Heart disease appears more commonly in women treated for breast cancer. TNS
While advanced medical treatments can help patients with breast cancer survive the disease, some options could make them more prone to several other health issues, according to a new report.
Researchers from The North American Menopause Society recently conducted a study, published in its journal of the same name, to evaluate heart disease risk factors for postmenopausal women who are survivors of breast cancer.
For the assessment, they examined postmenopausal women who survived breast cancer and women without breast cancer.
After analyzing the results, they found postmenopausal women who were survivors of breast cancer had a higher risk of metabolic syndrome, diabetes and abdominal obesity. They were also more likely to develop atherosclerosis, which occurs when fatty deposits clog your arteries, and hypertriglyceridemia, which happens when a high level of fat flows through the blood. The scientists noted each of those conditions can make adults more susceptible to cardiovascular disease.
“Heart disease appears more commonly in women treated for breast cancer because of the toxicities of chemotherapy, radiation therapy, and use of aromatase inhibitors, which lower estrogen,” coauthor JoAnn Pinkerton said in a statement.
The team said heart-healthy lifestyle modifications will decrease both recurrent breast cancer risk as well as heart disease risk. They also urged women to schedule a cardiology consultation when breast cancer is diagnosed and to continue follow-ups after cancer treatments are completed.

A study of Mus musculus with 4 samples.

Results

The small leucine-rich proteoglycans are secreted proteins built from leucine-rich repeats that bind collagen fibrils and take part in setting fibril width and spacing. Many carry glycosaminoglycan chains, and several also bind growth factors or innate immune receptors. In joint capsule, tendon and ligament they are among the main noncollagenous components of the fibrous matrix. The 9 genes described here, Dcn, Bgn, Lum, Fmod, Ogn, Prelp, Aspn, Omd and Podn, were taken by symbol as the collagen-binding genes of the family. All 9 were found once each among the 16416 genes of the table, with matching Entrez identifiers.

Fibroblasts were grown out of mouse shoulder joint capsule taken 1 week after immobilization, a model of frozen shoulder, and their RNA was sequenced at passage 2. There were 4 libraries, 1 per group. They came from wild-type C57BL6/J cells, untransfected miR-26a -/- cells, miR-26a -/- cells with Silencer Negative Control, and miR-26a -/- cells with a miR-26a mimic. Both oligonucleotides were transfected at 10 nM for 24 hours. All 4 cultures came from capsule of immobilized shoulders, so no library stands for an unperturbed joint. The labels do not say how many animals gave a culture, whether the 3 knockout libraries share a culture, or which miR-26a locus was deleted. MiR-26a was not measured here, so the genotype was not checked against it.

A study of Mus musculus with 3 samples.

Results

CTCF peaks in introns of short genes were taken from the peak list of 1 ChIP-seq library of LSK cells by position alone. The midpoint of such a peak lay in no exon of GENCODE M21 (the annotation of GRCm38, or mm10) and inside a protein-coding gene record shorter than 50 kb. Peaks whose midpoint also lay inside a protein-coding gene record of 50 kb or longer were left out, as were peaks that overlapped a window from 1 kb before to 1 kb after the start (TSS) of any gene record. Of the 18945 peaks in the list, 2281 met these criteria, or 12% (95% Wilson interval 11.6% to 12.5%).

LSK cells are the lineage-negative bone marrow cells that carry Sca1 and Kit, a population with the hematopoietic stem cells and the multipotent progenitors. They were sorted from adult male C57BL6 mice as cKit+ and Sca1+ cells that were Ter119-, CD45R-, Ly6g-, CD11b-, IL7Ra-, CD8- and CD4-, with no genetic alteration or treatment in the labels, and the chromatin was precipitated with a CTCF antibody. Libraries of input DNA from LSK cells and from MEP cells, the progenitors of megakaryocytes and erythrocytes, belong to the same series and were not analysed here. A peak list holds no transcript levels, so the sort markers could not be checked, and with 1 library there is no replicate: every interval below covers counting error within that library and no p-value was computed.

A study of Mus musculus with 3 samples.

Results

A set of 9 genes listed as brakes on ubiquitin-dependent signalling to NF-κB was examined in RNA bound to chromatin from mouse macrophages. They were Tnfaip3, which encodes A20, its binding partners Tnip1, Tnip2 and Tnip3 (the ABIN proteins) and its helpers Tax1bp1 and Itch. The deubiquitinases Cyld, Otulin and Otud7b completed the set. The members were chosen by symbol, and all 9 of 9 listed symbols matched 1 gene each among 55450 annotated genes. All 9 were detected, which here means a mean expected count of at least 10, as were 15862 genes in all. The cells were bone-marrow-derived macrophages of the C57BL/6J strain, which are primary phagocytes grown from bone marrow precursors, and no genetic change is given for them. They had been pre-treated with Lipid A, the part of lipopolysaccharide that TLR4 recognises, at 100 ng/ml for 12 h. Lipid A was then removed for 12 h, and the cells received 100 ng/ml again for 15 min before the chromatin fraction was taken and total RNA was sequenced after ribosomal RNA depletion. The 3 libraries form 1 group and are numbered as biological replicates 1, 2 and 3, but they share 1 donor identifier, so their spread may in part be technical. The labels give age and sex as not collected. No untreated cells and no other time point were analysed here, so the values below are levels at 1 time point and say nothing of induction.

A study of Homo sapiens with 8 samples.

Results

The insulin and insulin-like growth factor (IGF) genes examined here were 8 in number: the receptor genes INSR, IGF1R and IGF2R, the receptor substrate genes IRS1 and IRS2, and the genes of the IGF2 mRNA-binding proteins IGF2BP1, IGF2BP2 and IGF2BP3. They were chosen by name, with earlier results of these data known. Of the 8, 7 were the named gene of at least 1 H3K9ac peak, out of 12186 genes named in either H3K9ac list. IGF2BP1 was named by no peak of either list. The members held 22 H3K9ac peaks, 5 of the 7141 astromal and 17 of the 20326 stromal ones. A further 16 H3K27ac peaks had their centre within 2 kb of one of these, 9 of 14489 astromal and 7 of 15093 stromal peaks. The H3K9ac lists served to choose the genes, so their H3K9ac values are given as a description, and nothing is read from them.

Tribune News Service
Excess of sugary drinks such as soda and fruit juice is linked to a higher risk of developing certain kinds of cancer, researchers reported on Thursday.
Stress levels and mental health problems are at an all time high as people struggle to accomplish goals and keep up with the demands of our fast-paced world. We need to be aware of this and do whatever we can to bring balance to our lives. This week we look at the best well-being trends of the year so far.
The United States is the only country in the developed world to see an increase in women dying as a result of childbirth. Nearly 1,000 women die each year of pregnancy-related complications — deaths that could likely have been prevented with timely and proper interventions. This issue is particularly troubling for minority women. For every 10 pregnancy-related deaths of white women, 30-40 African-American women will die from pregnancy-related causes. However, efforts are under way, with broad bipartisan support, to tackle these disparities.
There’s a reason most of us enjoy mint in our toothpaste and chewing gum. It cleans the palate in a way no other ingredient can.
Women who have diabetes are at greater risk of experiencing heart failure than men with the same condition, a new study has warned.
Having no natural access to sea does not stop Serbs from organising a regatta: thousands this weekend boarded a motley fleet of craft floating on river waters for the "Regatta on Drina".